Improving Care One Translation at a Time
Maria Helena Larcher Caliri, RN, BSN, PhD, São Paulo, Brazil has been an Associate Professor at Ribeirao Preto College of Nursing, University of São Paulo since 1996. A member of Sigma Theta Tau International Nursing Honor Society and former president of the society’s Brazilian Chapter, Rho Upsilon, Maria also has been an active member of the Brazilian Nursing Association since 1976. Before completing her PhD at the University of São Paulo, she spent a year at the University of Illinois (Urbana-Champaign, IL) as both supervisor and head nurse of various small hospitals. When she started her teaching career at the University of Sao Paulo, Maria initiated research related to pressure ulcer and wound care in addition to coordinating a research group of undergrad, masters, and doctoral students.
Maria’s experiences allow her to compare healthcare in Brazil to other countries. Sectors of healthcare in Brazil are vastly different than those in the US. “Most people in Brazil depend on the public segment formed by institutions linked to federal, state, and local governments,” Maria explains. “These range from primary healthcare to secondary health centers and large tertiary hospitals that are arranged hierarchically according to a level of complexity and type. There are no nursing homes like in the US. We have some small long-term health institutions for private patients, many regulated by religious institutions. Equipment and material for adequate pressure ulcer prevention and treatment are scarce within most of these institutions; therefore, pressure ulcer incidence is high. Families of these patients are usually the caregivers following discharge. Although pressure ulcer incidence is sometimes lower in Brazil’s autonomous private healthcare segment where individuals or corporate health plans pay for care, statistics are not well maintained in either system.”
Maria says Brazilian healthcare providers have access to many products from international companies. “We use hydrocolloids, hydrogel, calcium alginates, dressings with silver, and also some products manufactured here as sulfadiazina (Silvadene),” she says. “Negative pressure therapy is used, but not as frequently as in the US. Special beds and mattresses are not common. Foam egg-crate and air overlays are used infrequently. Special beds and mattresses are not common, even for patients with Stage III and Stage IV ulcers, because only private hospitals and wealthy patients can afford the cost of adequate equipment. Prevention is still not the focus of care in most institutions and many people do not have adequate knowledge of evidence-based care. We acquire most of our wound care information from articles and from company presentations during conferences and vendor demonstrations. Convincing hospital administrators of the importance of some products is not easy, seeing that regulations in Brazil are still not as strong as they are in US, Canada, or the UK.”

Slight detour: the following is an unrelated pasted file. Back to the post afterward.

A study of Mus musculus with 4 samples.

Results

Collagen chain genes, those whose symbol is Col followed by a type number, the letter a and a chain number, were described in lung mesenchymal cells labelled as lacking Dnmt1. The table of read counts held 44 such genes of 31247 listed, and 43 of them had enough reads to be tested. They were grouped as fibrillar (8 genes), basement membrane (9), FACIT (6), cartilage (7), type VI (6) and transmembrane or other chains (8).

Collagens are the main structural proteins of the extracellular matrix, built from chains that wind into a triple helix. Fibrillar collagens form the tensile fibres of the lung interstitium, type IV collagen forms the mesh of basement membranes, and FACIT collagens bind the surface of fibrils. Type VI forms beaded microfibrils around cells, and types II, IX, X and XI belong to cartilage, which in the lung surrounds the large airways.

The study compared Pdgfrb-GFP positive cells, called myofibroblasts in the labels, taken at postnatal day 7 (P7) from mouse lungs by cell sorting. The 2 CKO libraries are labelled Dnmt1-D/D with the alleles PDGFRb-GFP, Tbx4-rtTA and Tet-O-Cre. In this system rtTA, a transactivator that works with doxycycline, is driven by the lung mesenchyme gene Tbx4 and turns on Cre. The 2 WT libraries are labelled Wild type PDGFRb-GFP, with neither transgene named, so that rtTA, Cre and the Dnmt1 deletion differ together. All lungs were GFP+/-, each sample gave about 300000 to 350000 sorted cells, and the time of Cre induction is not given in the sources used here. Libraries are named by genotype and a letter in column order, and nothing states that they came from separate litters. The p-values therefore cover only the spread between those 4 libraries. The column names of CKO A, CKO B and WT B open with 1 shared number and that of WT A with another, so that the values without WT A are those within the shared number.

For example, Maria was first introduced to the Braden Scale in 1991 during her internship in America. Observing nursing practice was not one of her PhD requirements, nor was it related to her studies at the time. But in late 1995, while preparing for her job at University of São Paulo, Maria decided to research pressure ulcer risk factors and incidence at the University Hospital. While preparing her literature review, she learned about the National Pressure Ulcer Advisory Panel (NPUAP) and Agency for Healthcare Research and Quality (AHRQ) guidelines.